Sometime in the mid-1970s DJ Kool Herc decides that records just aren’t long enough to really rock the party. He buys two of the same record, and mixes them in and out of each other. At his now legendary New York block parties the crowd is moved, the stars collide and hip hop is born.
Fast forward to 2006 and Kool Herc’s idea has spawned a multi-billion dollar industry. Hip hop has permeated global popular culture so much so that from Oaxaca to Tokyo, Mumbai to Dar es Salaam, you can see kids dressed as rappers Jay-Z or Nelly and rapping in languages as diverse as Spanish and Roma.
As Eric K Arnold, author of the chapter on US Bay Area hip hop, states, “While Afrocentric hip hop has become a played-out term in the United States, global hip hop is on the rise in every continent save Antarctica – although there have been unconfirmed reports that the folks down there are cold chillin’.”
It is a welcome moment of humour in this fascinating and thorough collection of essays. The Vinyl Ain’t Final assembles an impressive group of activists, filmmakers and poets, as well as academics and cultural critics. The first seven essays take the temperature of hip hop in the US and the last eight take us on a global journey through hip hop frontlines – from Britain to Tanzania.
The early chapters of the book show how at street level a combination of low economic status, poor education and a racist criminal justice system keeps young talented MCs excluded from the music business.
Success stories like artist 50 Cent with his thug to riches story emerge as the exception rather than the rule. Meanwhile at the top end, even the strong visibility of black entrepreneurship is still beholden to their larger, white-owned major labels and distributors.
In spite of this, for so many young people in the US hip hop remains a creative positive force. Among the appalling homicide rates of Oakland and the Bay Area, we find a culturally diverse hip hop scene. In Hawaii – as in so many places around the world – hip hop provides the language of resistance for native Hawaiians fighting for self-determination.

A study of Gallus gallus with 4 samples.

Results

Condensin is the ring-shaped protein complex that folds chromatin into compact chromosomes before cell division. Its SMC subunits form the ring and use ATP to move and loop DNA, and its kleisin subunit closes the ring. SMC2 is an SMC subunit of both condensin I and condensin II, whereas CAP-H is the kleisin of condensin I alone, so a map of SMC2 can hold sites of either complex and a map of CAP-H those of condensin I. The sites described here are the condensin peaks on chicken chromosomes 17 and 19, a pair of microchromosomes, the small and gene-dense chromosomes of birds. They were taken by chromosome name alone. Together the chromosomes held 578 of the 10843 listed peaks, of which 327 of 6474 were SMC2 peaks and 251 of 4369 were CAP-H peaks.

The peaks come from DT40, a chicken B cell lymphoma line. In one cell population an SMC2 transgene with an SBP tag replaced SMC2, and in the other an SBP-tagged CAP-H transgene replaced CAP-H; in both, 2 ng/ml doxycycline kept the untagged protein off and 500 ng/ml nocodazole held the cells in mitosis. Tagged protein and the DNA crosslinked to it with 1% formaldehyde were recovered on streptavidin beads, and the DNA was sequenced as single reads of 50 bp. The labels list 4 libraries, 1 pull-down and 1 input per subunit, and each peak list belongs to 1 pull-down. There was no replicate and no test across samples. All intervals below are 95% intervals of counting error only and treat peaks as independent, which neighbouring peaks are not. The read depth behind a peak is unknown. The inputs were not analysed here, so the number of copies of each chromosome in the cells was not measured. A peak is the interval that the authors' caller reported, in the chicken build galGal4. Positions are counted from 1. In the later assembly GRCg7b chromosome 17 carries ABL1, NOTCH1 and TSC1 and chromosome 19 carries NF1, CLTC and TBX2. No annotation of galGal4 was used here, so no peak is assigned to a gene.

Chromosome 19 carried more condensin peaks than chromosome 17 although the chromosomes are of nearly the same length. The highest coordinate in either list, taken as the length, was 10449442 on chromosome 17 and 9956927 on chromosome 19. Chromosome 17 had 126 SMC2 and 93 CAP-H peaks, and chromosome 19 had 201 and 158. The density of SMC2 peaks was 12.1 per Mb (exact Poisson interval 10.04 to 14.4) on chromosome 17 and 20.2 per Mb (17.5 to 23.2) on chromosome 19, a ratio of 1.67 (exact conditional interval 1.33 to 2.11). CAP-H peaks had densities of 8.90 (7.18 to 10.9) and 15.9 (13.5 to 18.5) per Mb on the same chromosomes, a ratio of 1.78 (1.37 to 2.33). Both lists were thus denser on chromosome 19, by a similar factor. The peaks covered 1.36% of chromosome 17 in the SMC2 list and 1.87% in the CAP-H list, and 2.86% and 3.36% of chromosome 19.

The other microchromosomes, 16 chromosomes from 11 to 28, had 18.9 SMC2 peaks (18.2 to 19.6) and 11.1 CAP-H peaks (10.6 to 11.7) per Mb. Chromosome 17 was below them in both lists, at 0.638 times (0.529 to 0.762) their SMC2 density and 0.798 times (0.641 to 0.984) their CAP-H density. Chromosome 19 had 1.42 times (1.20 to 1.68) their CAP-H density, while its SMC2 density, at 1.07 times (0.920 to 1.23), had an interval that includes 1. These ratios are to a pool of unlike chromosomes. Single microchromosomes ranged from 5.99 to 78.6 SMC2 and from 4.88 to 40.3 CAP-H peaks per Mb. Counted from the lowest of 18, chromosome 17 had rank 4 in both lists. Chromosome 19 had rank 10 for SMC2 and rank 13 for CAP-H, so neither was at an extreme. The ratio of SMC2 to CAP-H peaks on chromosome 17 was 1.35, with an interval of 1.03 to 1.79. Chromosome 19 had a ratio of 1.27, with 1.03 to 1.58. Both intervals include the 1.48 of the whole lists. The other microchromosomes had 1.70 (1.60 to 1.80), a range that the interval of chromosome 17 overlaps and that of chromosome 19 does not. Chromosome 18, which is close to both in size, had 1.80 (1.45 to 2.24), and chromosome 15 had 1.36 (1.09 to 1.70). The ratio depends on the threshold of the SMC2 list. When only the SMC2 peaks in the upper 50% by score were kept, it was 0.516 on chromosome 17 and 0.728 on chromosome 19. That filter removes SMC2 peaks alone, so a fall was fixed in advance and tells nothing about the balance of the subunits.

The recurring theme in the international chapters is the global corporate layer of US domination and the healthy – though often economically impoverished – local scene. Time and time again we see hip hop giving voice to the dispossessed, disenfranchised and displaced. It creates a space where post-colonial, post-industrial stories of identity, belonging and sometimes plain old hormonal tales of youth can be told in an increasingly exclusive and privatised world.
The attitude to the US is complex. On the one hand there is the unavoidable cultural imperialism, but on the other a means to find new ways of expression. In South Africa “kwaito”, a fusion of hip hop, British or US house and indigenous African songs is hugely popular, putting a new generation in touch with traditional music. Similarly among the Samoan diaspora in New Zealand, “bop”, a hybrid of Samoan dance and breakdancing, has impressed community elders with its skill and respect for traditional dance forms.
I would have liked a few less dry overly academic essays and a few more about those on the global frontlines – the local radio station workers, local activists or magazine journalists. Hip hop journalist and novelist Patrick Neate’s 2002 book Where You’re At tells the same story but with more humour and style: after all, this is party music.